Using this code:

Fees = ovrh + (wr * z);

I am getting the following error:

error C2440: '=' : cannot convert from 'double' to 'float [6][3]'

Fees, ovrhd, wr and z are all declared as float. I believe if I can figure out what the problem is, I will have a functioning program. After several days straight of this program, I believe that I may be forgetting something basic.

Could you show more of the code? Specifically the actual declarations for the variables would be helpful. I find no such issue with this minimal code sample.

#include <stdio.h>
 
 int main(void)
 {
    float ovrh = 1.0F, wr = 1.0F, z = 1.0F, Fees = ovrh + (wr * z);
    printf("Fees = %g\n", Fees);
    return 0;
 }

The calculation of two floats yields a double. Compilers often WARN about converting from double to float because of a possible loss of precision.

YOUR error code sure sounds like you have an ARRAY of floats like

float fees[6][3];

fees = 1.0 * 2.0; // error double to float [6][3]

Slight nitpick:

The calculation of two floats yields a double.

fees = 1.0 * 2.0;

Those aren't two floats (1.0 and 2.0), they're two doubles.

The purpose of the program is to store shipping costs in an array and then display them on the screen, in a formatted output.

Here are the declarations:

float Fees [6][3];
float i, j;
int wr, z;
const double ovrh = 2.27; // I tried to enter this as a const float, but the compiler didn't like it, so I changed it to a double which solved that one problem.

The assignment is 4 days late, so I am going to just turn it in as it. I would still like to see it work though. Thank you so much for your help!

Could you show more of the code? Specifically the actual declarations for the variables would be helpful. I find no such issue with this minimal code sample.

#include <stdio.h>
 
 int main(void)
 {
    float ovrh = 1.0F, wr = 1.0F, z = 1.0F, Fees = ovrh + (wr * z);
    printf("Fees = %g\n", Fees);
    return 0;
 }

The purpose of the program is to store shipping costs in an array and then display them on the screen, in a formatted output.

Here are the declarations:

float Fees [6][3];
float i, j;
int wr, z;
const double ovrh = 2.27; // I tried to enter this as a const float, but the compiler didn't like it, so I changed it to a double which solved that one problem.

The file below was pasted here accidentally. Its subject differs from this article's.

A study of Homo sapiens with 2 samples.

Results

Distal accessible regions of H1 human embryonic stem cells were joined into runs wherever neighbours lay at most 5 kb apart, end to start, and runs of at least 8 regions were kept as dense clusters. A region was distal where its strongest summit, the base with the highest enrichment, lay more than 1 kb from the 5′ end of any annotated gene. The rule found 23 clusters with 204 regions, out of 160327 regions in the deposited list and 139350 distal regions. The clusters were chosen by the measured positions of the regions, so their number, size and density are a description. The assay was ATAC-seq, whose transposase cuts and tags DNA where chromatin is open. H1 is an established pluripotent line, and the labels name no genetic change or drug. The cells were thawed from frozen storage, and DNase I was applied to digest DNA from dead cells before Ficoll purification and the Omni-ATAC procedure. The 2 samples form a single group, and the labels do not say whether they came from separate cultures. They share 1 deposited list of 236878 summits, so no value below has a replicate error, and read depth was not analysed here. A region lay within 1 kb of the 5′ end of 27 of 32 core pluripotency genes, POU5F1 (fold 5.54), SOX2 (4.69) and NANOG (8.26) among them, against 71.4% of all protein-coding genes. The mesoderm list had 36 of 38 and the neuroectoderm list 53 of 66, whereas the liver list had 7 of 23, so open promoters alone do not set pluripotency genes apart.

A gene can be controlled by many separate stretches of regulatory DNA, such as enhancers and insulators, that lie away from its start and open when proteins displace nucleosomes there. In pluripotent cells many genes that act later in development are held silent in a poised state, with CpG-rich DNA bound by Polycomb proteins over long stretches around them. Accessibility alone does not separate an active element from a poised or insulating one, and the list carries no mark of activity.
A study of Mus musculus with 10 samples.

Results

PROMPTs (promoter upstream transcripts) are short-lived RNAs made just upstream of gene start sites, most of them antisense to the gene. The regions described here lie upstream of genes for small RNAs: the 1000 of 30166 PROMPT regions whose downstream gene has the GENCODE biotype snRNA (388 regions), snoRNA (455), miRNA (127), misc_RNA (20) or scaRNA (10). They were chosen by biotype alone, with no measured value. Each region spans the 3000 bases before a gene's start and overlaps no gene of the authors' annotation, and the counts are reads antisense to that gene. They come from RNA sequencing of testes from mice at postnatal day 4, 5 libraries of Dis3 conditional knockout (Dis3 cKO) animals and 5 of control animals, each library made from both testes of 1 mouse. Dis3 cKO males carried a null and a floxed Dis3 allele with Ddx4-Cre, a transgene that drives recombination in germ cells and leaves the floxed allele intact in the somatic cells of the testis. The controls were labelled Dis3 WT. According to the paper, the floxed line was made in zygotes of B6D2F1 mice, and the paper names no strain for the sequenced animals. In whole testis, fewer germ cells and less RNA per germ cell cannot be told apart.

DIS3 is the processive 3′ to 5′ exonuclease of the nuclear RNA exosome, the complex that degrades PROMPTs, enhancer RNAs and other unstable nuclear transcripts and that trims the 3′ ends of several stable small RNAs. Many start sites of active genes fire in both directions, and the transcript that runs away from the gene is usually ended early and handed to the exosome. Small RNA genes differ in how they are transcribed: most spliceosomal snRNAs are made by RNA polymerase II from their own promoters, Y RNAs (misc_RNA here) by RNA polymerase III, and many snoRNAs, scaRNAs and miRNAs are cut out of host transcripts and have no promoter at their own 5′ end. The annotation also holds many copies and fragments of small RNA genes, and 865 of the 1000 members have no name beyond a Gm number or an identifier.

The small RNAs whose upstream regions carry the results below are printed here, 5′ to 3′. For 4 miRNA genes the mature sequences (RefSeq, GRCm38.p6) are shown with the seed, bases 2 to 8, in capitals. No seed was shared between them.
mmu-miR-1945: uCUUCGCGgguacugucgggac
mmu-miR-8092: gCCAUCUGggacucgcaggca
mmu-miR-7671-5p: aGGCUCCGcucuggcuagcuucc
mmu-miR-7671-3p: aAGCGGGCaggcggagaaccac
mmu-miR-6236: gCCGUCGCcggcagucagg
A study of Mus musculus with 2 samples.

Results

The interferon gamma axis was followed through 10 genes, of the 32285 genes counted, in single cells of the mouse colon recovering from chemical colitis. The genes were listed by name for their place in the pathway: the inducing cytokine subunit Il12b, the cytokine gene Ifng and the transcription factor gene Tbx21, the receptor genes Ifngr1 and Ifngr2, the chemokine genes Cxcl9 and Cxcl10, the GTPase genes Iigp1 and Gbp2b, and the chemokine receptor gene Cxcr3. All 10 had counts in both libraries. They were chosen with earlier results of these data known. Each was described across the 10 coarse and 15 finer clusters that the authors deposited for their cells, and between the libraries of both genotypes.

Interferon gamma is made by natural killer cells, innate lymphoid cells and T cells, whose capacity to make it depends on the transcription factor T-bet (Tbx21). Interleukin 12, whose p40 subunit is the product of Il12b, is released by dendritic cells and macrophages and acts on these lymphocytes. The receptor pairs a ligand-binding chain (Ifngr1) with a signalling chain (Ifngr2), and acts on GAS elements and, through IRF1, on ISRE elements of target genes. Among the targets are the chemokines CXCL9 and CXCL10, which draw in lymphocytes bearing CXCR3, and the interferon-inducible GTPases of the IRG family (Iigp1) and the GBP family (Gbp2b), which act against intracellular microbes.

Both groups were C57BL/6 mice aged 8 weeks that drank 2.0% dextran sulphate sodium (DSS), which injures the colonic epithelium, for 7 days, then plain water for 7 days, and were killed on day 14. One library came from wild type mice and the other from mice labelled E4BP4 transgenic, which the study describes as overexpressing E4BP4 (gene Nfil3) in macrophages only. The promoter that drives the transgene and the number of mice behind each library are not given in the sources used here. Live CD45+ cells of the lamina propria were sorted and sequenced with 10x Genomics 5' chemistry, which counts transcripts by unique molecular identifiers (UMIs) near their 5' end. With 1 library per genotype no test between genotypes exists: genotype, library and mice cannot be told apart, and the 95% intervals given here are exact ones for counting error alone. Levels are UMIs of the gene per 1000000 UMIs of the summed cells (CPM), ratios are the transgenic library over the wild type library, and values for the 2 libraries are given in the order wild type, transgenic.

The assignment is 4 days late, so I am going to just turn it in as it. Thank you so much for your help!

The calculation of two floats yields a double. Compilers often WARN about converting from double to float because of a possible loss of precision.

YOUR error code sure sounds like you have an ARRAY of floats like

float fees[6][3];

fees = 1.0 * 2.0; // error double to float [6][3]

Aha! So your original statement was not entirely accurate.

Fees, ovrhd, wr and z are all declared as float.

Fees is declared as an array of an array of float -- this is not the same and your compiler was kindly informing you of this. A single float might be Fees[0][0]. Try this (I'm assuming i and j are loop indices -- except that then they must be integral types and not floating point, but I'm used to i and j as loop indices -- and this is inside these loops.

Fees[i][j] = ovrh + (wr * z);

Ah HAH! As I suspected.

Dave, you are right that '1.0' is a double. However, I still believe that two floats used in a calculation result in a double, in the same way that two chars used in a calculation result in an int. In any case, the compiler can deal with that and generally puts out a warning, not an error.

Ah HAH! As I suspected.

Dave, you are right that '1.0' is a double. However, I still believe that two floats used in a calculation result in a double, in the same way that two chars used in a calculation result in an int. In any case, the compiler can deal with that and generally puts out a warning, not an error.

Actually, two chars used in a calculation result in a char, but there may be overflow. Calculations stay withing their type. But, yes. The reason for the 'double' part of the diagnostic was with this.

const [b]double[/b] ovrh = 2.27;

Multiplying two floats results in a float; but adding that result to a double promotes the float result to a double. And yes, attempting to then assign this double result to a float should generate a warning.

Oops. I didn't read the comment.

// I tried to enter this as a const float, but the compiler didn't like it, so I changed it to a double which solved that one problem

It makes me curious -- tnorton: are you saying that the compiler barked about something like this?

const float ovrh = 2.27F;

But the other stuff about the promotions should be correct.